New checks on concessionary travel will prevent misuse of bus passes

Do you have the correct bus pass? Picture: Press Association.
Do you have the correct bus pass? Picture: Press Association.

Additional checks are being introduced on buses across the region to ensure that passes meant for older and disabled people are not misused.

Smart ticket machines on buses operating in Northumberland, Tyne and Wear, County Durham and the Tees Valley have been programmed to indicate immediately whether a bus pass has been cancelled by the local authority.

Where a pass is not valid the customer may be asked to pay the appropriate fare and the pass may be confiscated by the driver, following an initial amnesty period this autumn.

This period of reprieve is to allow those innocently using a cancelled pass to resolve the problem.

Passengers are being advised of the change by the North East Combined Authority (NECA) and Tees Valley Combined Authority.

More than a million journeys every week are made in the North East by passengers with concessionary bus passes, costing local transport authorities tens of millions each year in payments to bus companies.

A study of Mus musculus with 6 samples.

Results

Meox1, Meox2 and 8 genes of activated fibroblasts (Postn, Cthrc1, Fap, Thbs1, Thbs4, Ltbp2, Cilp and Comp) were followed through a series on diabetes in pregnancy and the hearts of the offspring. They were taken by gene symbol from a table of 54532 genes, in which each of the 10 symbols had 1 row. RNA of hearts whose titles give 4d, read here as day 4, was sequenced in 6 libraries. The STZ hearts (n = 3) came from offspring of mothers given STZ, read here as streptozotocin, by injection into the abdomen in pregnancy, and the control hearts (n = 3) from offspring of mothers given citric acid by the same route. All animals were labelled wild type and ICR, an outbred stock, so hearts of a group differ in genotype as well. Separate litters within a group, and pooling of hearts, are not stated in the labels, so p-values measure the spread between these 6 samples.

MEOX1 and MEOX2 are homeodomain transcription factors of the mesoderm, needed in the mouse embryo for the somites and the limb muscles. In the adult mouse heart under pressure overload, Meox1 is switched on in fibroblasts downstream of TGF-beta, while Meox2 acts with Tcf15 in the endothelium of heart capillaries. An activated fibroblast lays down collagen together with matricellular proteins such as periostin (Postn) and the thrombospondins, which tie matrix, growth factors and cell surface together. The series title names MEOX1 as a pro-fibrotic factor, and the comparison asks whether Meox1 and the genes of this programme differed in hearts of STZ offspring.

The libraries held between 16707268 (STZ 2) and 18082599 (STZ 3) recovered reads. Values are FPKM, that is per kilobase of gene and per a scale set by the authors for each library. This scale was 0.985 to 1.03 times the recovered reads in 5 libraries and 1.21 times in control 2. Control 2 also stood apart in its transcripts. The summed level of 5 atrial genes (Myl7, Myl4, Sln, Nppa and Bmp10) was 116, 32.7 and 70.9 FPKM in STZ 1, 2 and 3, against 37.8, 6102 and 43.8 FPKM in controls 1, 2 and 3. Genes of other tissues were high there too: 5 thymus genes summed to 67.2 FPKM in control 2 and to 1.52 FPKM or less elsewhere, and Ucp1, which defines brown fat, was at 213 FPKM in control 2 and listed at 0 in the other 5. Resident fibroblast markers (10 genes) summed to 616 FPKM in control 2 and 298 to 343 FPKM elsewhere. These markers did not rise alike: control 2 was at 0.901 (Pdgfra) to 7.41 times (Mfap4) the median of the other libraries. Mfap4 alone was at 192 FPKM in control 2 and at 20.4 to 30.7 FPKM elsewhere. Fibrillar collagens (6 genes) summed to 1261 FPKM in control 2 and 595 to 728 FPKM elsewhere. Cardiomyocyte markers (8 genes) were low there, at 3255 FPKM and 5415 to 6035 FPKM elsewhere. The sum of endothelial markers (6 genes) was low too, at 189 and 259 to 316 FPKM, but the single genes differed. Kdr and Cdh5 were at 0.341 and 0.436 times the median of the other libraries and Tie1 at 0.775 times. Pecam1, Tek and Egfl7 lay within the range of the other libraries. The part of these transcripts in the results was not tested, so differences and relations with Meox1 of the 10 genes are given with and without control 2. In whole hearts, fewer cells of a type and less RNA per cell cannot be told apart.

The new checks will reduce potential misuse and fraud while protecting passengers who are entitled to and benefit from concessionary travel.

Coun Nick Forbes, lead member for transport on the North East Combined Authority, said: “Free travel on buses is a really important benefit for older and disabled people paid for by local councils. Smart ticketing now means we have the technology to make sure concessionary travel is enjoyed by those it is intended for, without potential misuse or fraud.

“We’re working together as local authorities with bus companies across the North East to make sure there is a smooth process to identify and remove those card which should not be in circulation.”

The machines will be able to detect if a pass has been cancelled by the local transport authority which issued it, if for example:

The pass has been reported lost or stolen and a replacement issued.

The pass has been reported as being used fraudulently by someone other the rightful holder.

The holder is no longer entitled to concessionary travel.

The pass has been replaced by a more recent pass.

It is estimated that about one in 40 passes in the North East is in use despite being cancelled.